If you’ve followed local social media, you may have noticed an uptick in cougar sightings being reported throughout Columbia County. According to Chip Bubl, with the Oregon State University Extension Service, there are several reasons we may be seeing these large cats more often.
Bubl said the uptick in sightings may be due, in part, to the ban on recreational cougar hunting with dogs that took effect in 1994. Over the past 25 years, with fewer hunters after them, their numbers may have grown. Additionally, an ample deer population has supported their growth. The intense logging that has taken place on private industrial and non-industrial timber land has been steadily changing the locations for the cougar’s main prey, creating more corridors for the deer’s rapid movement, thus pushing the cougar into closer proximity to more densely populated rural areas. Some very dry springs and summers have also changed animal behavior patterns as their search for water has become more of an issue, according to Bubl, which also impacted deer and cougar locations.
Another factor in the uptick in sightings comes down to the technology more people have access to these days. With more homes investing in motion-detecting cameras, people are getting a better view of the animals that cross their land, especially at night. Add to that the means to report such sightings on social media, Bubl said it’s possible that a cougar sighting in one area could be the same cougar seen ten miles away, as they have very large ranges. “People getting the information on both are geographically and perhaps social media separated and don’t know they are reporting the same cougars,” Bubl said.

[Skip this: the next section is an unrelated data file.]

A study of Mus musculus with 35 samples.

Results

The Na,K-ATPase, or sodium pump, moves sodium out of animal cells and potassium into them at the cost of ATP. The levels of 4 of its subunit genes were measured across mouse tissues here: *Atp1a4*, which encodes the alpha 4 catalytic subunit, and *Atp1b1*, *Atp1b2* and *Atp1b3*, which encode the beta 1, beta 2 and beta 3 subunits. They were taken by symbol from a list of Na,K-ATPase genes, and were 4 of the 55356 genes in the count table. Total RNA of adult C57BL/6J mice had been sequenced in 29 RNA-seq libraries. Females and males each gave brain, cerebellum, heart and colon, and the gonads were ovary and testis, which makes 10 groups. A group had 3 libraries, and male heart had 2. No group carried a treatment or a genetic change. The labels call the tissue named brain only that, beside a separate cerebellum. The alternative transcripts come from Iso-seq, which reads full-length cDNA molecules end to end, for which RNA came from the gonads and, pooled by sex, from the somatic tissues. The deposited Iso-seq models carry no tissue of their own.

Additionally, Bubl said, animal injury without clear evidence of the cause is often misinterpreted. “We recently received some pictures that looked like they could have been cougar claw marks on an animal’s leg but when I sent them to our local ODFW big game biologist on Sauvie Island, he was quite sure it wasn’t a cougar,” Bubl said. “He passed the pics on to other ODFW big game biologists across the state and they concurred with his evaluation. So, the picture, so to speak, is complicated.”
Any resident who spots a cougar should report the sighting to the Sheriff’s Office and the Sauvie Island office of ODFW at 503-621-3488. If the cougar is spotted near a school or the edge of town, you should also report it to City Hall and the local school district, as well. Bubl said Columbia City has had several cougar sightings in the past year, mostly near the north edge of town.
Bubl said anyone living in cougar country should educate themselves on the large cats. According to the Oregon Department of Fish and Wildlife, if you encounter a cougar, there are several things to keep in mind:
- Cougars often will retreat if given the opportunity. Leave the animal a way to escape.
- Stay calm and stand your ground.
- Maintain direct eye contact.
- Pick up children, but do so without bending down or turning your back on the cougar.
- Back away slowly.
- Do not run. Running triggers a chase response in cougars, which could lead to an attack.
- Raise your voice and speak firmly.
- If the cougar seems aggressive, raise your arms to make yourself look larger and clap your hands.
- If in the very unusual event that a cougar attacks you, fight back with rocks, sticks, bear or pepper spray, tools or any items available.
Ultimately, it is important to remember that, in the grand scheme of things, cougars play an important role in the western Oregon ecosystem – keeping deer and perhaps even coyote populations lower to allow native plants and other species to flourish.
But, Bubl said, for many people, that is a hard sell. “I have walked logging roads behind my house for a number of years and never seen a cougar, but I know they are around,” Bubl said. “There have been a number of sightings – not sure how many are unique animals – in Deer Island this spring and summer.”